Sector assures produce is safe, seeks additional time to adjust to new standards

By Hana Namrouqa - May 07,2017 - Last updated at May 07,2017

Farmers and exporters said the agricultural sector needs additional time to adjust to the Gulf’s new requirements and standards (Photo by Amjad Ghsoun)

AMMAN — Farmers and exporters on Sunday urged the Gulf countries which imposed a ban on the imports of Jordanian vegetables to delay the starting date of the decision.

They said the agricultural sector needs additional time to adjust to the new requirements and standards.

The appeal of the agricultural sector’s representatives, announced during a press conference, comes in light of a new decision by the United Arab Emirates (UAE) and other Gulf countries to stop the import of several types of vegetables from Jordan for allegedly containing high pesticides residues.

The ministry of climate change and environment in the UAE announced a decision late last month to indefinitely ban the import of seven of Jordan’s main vegetable exports as of mid-May due to increasing levels of chemical pesticide residues found in Jordanian agricultural products.

The banned vegetables include all types of zucchini, sweet pepper, eggplant, cabbage, green beans, cauliflower and lettuce.

The UAE’s decision also stipulated that imports of any fruit and vegetables, besides the aforementioned, be coupled with certificates from the Jordanian Ministry of Agriculture indicating that the produce was free from pesticide remnants.

President of the Jordan Valley Farmers Union, Adnan Khaddam, stressed that despite the agricultural sector’s demand that the UAE and other Gulf countries, such as Kuwait and Qatar, postpone the commencement of the decision, he assured that Jordanian fruits and vegetables are safe.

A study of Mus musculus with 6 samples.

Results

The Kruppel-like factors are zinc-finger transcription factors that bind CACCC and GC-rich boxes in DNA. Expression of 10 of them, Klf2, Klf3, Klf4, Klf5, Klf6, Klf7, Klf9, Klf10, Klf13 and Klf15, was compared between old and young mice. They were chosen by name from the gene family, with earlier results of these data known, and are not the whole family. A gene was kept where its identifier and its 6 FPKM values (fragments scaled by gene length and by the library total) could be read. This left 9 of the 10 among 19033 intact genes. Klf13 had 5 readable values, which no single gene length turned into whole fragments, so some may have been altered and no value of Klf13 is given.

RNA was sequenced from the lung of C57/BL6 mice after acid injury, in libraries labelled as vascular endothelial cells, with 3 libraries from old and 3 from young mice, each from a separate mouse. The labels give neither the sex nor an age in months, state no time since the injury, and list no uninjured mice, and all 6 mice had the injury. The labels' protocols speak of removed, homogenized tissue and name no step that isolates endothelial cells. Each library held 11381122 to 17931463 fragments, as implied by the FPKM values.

“If samples of a certain shipment showed that toxicity levels are not within the standards, that doesn’t mean that all of Jordan’s fruits and vegetables are not safe or below standards,” Khaddam said.

He underscored that over 55 countries around the world import Jordan’s produce, which he said are always coupled with lab certificates proving they meet the international standards of exports of fruits and vegetables.

“We also urge the government to tackle the issue through diplomatic channels, as it affects the survival of the agricultural sector,” Khaddam added.

Meanwhile, Saeed Masri, a farmer and former agriculture minister, said that the UAE’s decision does not mean that Jordan’s produce is unfit.

Masri indicating that the UAE announced the decision after changing the code it follows on the toxicity levels in produce, noting that it became much stricter than the international code that Jordan and many countries apply.

Since the UAE announced its decision, the Ministry of Agriculture announced several measures regulating the application of pesticides and the testing of produce for pesticide residues.

 

Such measures include banning the use of a certain pesticide on some crops, such as eggplant, cauliflower and lettuce among other crops, as well as plans to team up with private laboratories to increase the number of tested samples.